My Little Six Year Old


Six years ago today my life was forever changed by the welcoming of sweet Israelle Marie. I never could have dreamed what was in store for us in the years to come and I suppose that to be a good thing. Life wasn’t made to work that way. To know what is coming around each bend of the road before we even arrive. It is only as we walk through the journey that we learn of the terrain. Had I known how rugged and steep ours would get around years four and five, well, I suppose I would have spent the first three afraid. And had I known during the most treacherous of times that smoother ground was soon ahead, well, one can only imagine it would have helped but could never say for sure. Perhaps the knowing would have made the enduring only more confusing.  I can’t say I know.

What I do know is that we have made it to a place of even land and still waters. After what seems like a lifetime of crawling through rocky mountains and dry deserts we are finally here. To a place that seems too good to be true, a place where the normalcy of others blends closely with the subtle difference of our own life. From the tube feedings and over night fluids to the medications and follow up appointments, the difference between my child’s day-to-day and yours is really not that much of a difference at all. The real difference now is only the depths of her understandings on life, which remains a bit beyond her years.

Most nights she still asks me to pray that the cancer would never come back. Just a couple weeks ago she stumped me with the words for her request, her blooming vocabulary in tow.

“Momma, will you pray that we will never be hopeless?” she says.

“Of course I will babe, but what does that mean?”

“It means that bad things can’t come back, like cancer can never come back,” she replies.

“Yes, babe,” I say. ” We know God will take care of us no matter what, and we always have hope for that.”

“And pray that ghosts wouldn’t be real,” she adds with the innocence of a child, “and that there would be no monsters in my room.”

“Of course,” I say. “Of course.”

I didn’t have to ask what she wished for this weekend as she blew out the candles at her parties. I knew. I always know. And I know that she won’t tell because, “It won’t come true if I tell,” she would just say.

We spent all weekend celebrating. There was a party with school friends on Saturday, a party with family on Sunday and I took Iz and her little best friend to a hotel for swimming and a ‘girl’s night’ in between. It is because of all her tiny little friends that she is learning to like school, despite her occasional refusal to get out of the car. I see it in her smile as she climbs in the back seat after school and talks about her day.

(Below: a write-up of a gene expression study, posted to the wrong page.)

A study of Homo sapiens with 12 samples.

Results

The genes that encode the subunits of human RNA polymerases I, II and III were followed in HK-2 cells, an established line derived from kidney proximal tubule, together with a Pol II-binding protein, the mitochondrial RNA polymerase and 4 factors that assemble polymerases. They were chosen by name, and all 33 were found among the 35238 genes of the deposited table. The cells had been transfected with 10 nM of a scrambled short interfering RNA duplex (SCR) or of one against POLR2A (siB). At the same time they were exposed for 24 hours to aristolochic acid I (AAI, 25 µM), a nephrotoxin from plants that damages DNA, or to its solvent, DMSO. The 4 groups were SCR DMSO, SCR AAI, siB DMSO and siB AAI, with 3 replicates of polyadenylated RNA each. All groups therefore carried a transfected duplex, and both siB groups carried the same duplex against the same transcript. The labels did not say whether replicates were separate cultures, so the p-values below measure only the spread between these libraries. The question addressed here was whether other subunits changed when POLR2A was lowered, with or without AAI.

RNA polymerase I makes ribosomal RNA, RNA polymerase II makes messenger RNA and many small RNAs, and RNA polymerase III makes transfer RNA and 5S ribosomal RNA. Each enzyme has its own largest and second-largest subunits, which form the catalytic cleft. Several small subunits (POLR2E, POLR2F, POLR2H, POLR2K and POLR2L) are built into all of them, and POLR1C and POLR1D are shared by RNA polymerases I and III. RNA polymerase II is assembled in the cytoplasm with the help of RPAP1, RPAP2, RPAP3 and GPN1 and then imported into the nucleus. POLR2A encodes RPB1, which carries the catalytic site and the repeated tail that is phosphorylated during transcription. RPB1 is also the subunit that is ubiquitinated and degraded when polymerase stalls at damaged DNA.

Her teacher comes over twice a week in the evening for ‘Home Bound Instruction,’ something she qualifies for because of all the time she has missed from hospital stays. Her teacher thinks she is finally caught up with where she should be and we just might be ready for First Grade in the Fall despite all her absences.

Two weeks from today we will go back for our next round of scans. We will walk in declaring life for her and walk out waiting to see if our declarations have impact. But I remind myself they always have impact. Declaring God’s perfect design of health and life always has impact no matter if we can see it or not.

I am reminded of a prayer I began declaring back in the very beginning of this chaos. Taken from “50 Promises To Pray Over Your Children” it reads:

“Lord, by Your grace, Your power, and Your love, You have lifted the clouds of doom from our household. Thank You for the promise that my children do not face a hopeless, worthless, or meaningless future. You have assured me that my children have not been brought into this world for destruction, but for redemption; not for panic, but for peace; not for emptiness but for completeness; not for frustration, but for the glorification of Your name. ”

I remember praying it a year and a half ago and thinking to myself, how can I say these words when they do not seem true? How can I declare that the clouds of doom have been lifted when I am staring them straight in the face? But today I stand in awe. My heart is grateful and my soul overflows with thanksgiving. So I will continue to pray this prayer for my sweet Israelle Marie.

May this year be yet another year of LIFE, another year that God delivers her from this nasty disease bringing glory to His name.  And I pray next year all of this seems so far in our past that she doesn’t even remember to ask for it every night.

Blessings to you today and LIFE for my little six year old.

4 Replies to “My Little Six Year Old”

  1. Congratulations to the entire family and Happy Birthday Izzy! We serve am AWESOME GOD who is more than able to answer all our prayers according to His Word! Keep us updated!

  2. Thank you for this. I just found out a dear couple in our church family and Sunday school class found out today their little girl has neuroblastoma as well. Am poking around the internet to read up a little on it. Am pondering on how best to support them. At this point, I will pray and possibly send a card. And wait to hear more. Thank you and blessings to you and your little girl.